Every year, from early May through late October, states, counties, and agricultural districts hold their annual fairs. The County Fair has been a time-honored summer tradition in America for more than 200 years: in 1811, Elkanah Watson of Pittsfield, Massachusetts organized the Berkshire County Fair, "...featuring a procession of 'three or four thousand animals,' a band, displays of local industries, and artisans. Watson also took careful steps to attract women by offering premiums on domestic products and by holding an annual ball." (from the Iowa State University Center for Agricultural History and Rural Studies American Agricultural History Primer) Two hundred years later, millions of Americans flock to their county and state fairs to look at the livestock, examine the quilts, check out jars of jams and pickles, bet on horse races, eat foods they never would consider consuming at home (deep-fried Oreos? Really?), and see performing acts from racing piglets and demolition derbies to major rock and country-western stars. It's summer, it's hot, and it's time for the Fair.
Fair time is "Awards Season" for those of us who compete at local, county, and state levels. I've always been mildly obsessed by the competitions in the Domestic Arts arena (Preserved Foods; Baked Goods; Clothing & Textiles). There are people who will give me ribbons, rosettes, and cash for what I enjoy doing anyway? Sign me up! I've competed in a number of Fairs in the past 25 years, and I have a lot of awards to show for my efforts. In the kitchen is a big wrought-iron hook for hanging bills--there are more than a hundred ribbons (mostly blue) hanging off that hook. Ribbons from Los Angeles, Ventura, Solano, and Yolo county fairs; ribbons from the Dixon May Fair, a local ag district fair; and ribbons from the California State Fair. Along with the ribbons are shadow boxes full of the coveted Best of Show and Sweepstakes awards, given for the best jam, or the best jelly, or winning the most Blue Ribbons in a single fair.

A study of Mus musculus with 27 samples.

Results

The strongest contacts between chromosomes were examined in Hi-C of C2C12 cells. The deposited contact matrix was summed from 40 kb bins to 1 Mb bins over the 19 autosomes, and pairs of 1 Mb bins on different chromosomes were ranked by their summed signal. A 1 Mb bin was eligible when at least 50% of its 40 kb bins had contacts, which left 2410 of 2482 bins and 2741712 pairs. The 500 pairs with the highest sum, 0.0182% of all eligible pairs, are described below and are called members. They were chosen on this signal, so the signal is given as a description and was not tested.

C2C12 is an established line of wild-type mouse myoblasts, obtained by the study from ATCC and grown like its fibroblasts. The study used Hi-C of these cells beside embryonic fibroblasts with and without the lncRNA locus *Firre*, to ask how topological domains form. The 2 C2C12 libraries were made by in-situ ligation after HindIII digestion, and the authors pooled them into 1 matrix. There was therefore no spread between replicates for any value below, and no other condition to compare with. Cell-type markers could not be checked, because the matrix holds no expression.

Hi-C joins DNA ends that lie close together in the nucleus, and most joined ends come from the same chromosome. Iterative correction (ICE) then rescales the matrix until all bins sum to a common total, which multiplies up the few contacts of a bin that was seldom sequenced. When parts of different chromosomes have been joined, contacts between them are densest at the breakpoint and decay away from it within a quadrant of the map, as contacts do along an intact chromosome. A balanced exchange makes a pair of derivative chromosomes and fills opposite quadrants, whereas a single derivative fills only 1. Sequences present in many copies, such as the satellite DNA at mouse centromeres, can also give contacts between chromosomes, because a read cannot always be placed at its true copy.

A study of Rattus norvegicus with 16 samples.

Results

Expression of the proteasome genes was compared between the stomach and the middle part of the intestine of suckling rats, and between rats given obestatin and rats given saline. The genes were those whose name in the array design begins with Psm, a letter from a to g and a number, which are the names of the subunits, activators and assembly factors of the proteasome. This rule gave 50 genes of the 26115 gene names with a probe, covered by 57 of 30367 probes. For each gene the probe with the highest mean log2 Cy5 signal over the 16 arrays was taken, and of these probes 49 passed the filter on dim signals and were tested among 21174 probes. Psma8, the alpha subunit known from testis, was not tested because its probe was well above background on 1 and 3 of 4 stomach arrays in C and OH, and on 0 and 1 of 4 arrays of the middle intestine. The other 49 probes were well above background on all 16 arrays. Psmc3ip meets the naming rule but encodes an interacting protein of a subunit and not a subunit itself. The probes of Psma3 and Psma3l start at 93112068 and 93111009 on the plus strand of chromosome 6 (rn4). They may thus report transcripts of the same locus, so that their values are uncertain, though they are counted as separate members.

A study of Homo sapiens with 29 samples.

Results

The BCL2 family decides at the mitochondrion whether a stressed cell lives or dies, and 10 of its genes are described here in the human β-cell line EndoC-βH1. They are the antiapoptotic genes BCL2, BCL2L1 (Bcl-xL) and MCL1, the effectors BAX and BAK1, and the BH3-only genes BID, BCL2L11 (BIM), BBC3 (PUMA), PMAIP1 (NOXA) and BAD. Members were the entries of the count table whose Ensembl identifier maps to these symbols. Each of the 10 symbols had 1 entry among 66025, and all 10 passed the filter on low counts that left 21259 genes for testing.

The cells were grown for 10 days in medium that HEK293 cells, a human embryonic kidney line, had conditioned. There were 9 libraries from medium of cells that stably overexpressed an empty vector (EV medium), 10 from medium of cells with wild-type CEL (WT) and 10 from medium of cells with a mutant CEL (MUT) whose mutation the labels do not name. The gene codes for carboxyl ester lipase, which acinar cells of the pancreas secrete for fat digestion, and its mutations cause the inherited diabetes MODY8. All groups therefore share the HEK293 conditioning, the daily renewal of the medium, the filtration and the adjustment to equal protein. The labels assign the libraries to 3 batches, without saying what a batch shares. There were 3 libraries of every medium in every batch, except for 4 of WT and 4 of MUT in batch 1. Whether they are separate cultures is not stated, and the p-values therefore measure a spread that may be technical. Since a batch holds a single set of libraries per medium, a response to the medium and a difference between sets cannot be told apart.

I stopped entering in the Preserved Foods and Baked Goods competitions about seven years ago, primarily because I wanted to spend my summers doing something other than making fifteen kinds of jams and jellies, or baking six different kinds of bread in one day. I decided to start focusing on the Clothing and Textiles competitions, specifically those for handspun yarns, needlework (especially crocheting and knitting), and handweaving. I had entered a little bit in the 1990s, and done "OK," but now it was time to get serious. I began entering skeins, afghans, socks, scarves, shawls, and some of my handwovens, and slowly the ribbons hook in the studio began to fill up with ribbons (mostly blue).
|Ribbons from the Dixon May Fair|
|A mess of winners from the Marin County Fair|
Now I'm getting ready for the next competition: the Solano County Fair. It's a smaller fair than Marin, but is my local county fair, and the fairgrounds are minutes from home. I enter the Solano County Fair because I will go to this fair to look at the livestock, examine the quilts, check out jars of jams and pickles, eat foods I never would consider consuming at home (Corndogs! Funnel cakes!), and see how my entries fared.